The Science of Rainbows

By Annie Savinon, STEM Educator

Annie’s STEM Lab: Happy March to all! If you are like me, March reminds you of green shamrocks and vibrant rainbows! But have you ever wondered how rainbows happen in the sky?! Read along and share with your little one, the science of rainbows!

To get an outcome of a rainbow in the sky, there needs to be both sunlight and rain drops. But how do rain drops and sunlight create this beautiful multi-colored spectacle?

An interesting fact to help support this is that rainbows are formed in the opposite direction of the sun. If the sun is to the right of me, someone who is standing outside, the rainbow will be on the left of me, and if the sun is behind me, the rainbows will be in front of me.

Rainbows happen to be one of the many, beautiful scientific phenomena in our world. A (scientific) phenomenon is any event that is observable, including the use of instrumentation to observe, record, or compile data.

Another very eventful phenomena example that is coming up in our neighborhood is the Solar Eclipse! Phenomena are truly beautiful, and fascinating, which causes one to wonder and ask questions about the world around us! 

We know that we only see rainbows during the daytime, not ever at night when the sun has set. That is due to the light of the rainbow, which comes from the sun’s rays. But one may ask, how do the colors of a rainbow in the sky become multicolored?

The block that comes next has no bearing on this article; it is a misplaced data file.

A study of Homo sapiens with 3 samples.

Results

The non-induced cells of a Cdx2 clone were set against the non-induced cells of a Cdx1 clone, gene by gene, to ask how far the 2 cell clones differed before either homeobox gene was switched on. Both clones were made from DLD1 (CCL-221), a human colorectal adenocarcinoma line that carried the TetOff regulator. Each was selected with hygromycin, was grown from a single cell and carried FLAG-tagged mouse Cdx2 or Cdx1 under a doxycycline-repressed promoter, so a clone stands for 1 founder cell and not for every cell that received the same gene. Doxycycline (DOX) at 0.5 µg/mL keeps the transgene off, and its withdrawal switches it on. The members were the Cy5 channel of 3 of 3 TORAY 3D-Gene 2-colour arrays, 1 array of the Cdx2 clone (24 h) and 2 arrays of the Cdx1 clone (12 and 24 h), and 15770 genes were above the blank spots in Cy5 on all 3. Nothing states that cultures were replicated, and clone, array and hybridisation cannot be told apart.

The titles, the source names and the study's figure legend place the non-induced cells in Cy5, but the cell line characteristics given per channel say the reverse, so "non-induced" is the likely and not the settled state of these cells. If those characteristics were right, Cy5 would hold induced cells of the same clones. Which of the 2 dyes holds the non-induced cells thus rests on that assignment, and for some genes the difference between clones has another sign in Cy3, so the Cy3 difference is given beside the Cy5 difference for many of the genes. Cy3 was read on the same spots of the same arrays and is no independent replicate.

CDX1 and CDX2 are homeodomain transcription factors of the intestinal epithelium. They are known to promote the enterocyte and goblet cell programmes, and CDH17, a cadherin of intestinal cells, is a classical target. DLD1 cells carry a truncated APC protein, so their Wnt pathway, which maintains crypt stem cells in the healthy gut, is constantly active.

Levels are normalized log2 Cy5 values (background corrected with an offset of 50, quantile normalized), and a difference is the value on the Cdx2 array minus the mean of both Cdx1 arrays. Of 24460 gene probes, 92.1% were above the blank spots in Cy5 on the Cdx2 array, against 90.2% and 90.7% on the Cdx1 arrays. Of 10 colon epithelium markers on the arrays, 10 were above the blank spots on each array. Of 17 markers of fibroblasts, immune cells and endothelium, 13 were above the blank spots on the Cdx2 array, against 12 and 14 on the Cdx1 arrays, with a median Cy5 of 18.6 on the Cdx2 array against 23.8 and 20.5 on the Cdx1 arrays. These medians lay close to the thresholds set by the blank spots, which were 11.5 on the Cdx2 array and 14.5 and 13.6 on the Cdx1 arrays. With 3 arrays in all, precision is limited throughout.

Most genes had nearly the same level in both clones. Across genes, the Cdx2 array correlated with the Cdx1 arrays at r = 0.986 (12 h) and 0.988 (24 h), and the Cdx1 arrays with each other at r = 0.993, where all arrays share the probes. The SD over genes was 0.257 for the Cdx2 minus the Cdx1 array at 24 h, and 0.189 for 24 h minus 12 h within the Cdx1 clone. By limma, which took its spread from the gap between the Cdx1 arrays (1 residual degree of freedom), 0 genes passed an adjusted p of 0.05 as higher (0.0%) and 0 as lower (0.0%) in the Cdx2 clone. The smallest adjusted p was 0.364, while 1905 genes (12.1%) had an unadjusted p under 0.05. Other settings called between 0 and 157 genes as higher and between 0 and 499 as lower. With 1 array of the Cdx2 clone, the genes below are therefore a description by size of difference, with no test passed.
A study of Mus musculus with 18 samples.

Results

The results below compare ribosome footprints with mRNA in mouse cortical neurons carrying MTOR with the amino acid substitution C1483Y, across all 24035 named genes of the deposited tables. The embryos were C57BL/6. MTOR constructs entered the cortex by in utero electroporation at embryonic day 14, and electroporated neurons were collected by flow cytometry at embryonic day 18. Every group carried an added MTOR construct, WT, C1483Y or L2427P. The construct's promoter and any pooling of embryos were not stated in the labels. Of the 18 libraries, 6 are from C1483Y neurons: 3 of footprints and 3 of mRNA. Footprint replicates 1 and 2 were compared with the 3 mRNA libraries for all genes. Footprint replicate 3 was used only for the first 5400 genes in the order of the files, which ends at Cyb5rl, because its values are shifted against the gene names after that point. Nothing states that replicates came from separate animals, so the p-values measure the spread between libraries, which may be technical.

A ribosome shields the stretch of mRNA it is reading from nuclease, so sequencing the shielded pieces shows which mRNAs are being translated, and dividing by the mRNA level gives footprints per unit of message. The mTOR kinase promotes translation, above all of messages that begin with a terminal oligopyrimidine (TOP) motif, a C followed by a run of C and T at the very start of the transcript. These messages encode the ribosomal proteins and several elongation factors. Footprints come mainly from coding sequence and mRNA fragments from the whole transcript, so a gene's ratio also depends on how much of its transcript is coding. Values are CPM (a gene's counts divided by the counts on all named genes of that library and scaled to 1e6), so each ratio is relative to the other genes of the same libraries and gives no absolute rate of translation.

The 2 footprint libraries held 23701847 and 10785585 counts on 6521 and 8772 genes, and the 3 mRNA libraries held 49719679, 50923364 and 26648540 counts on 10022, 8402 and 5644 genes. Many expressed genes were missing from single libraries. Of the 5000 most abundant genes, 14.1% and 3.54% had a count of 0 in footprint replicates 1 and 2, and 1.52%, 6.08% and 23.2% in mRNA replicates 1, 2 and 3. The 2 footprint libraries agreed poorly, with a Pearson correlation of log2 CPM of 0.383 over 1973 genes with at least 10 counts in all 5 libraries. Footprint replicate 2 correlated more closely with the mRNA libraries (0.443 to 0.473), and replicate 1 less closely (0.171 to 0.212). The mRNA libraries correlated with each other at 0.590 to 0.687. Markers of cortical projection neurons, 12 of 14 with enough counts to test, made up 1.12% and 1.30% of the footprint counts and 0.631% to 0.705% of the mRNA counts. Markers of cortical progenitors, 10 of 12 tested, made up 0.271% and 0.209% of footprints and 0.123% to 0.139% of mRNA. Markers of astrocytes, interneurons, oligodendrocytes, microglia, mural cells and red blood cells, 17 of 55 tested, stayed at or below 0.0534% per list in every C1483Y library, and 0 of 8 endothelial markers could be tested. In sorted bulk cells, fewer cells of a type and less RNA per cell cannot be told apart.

This also happens with a prism, when a single ray of white light breaks up into several beams of colored light. Although it is hard to imagine, white light is comprised of seven colors! These are the same seven colors that are found in a rainbow. 

In the sky, raindrops act as miniature prisms and with the necessary help of the sun’s rays, they reflect the seven colors into the sky, formed as a rainbow. We know these colors as violet, indigo, blue, green, yellow, orange, and red!  

Another fun rainbow fact is that each person who can see a rainbow, will not see it exactly the same, unless they are standing at the exact same spot, they will see the rainbow from a slightly different angle. How fascinating! 

Next time it rains, I hope you and your little one can see a rainbow!  

Happy hunting! 

Explore & More will be closed Sunday, May 26-Tuesday, May 28. We will be open for play again on Wednesday, May 29!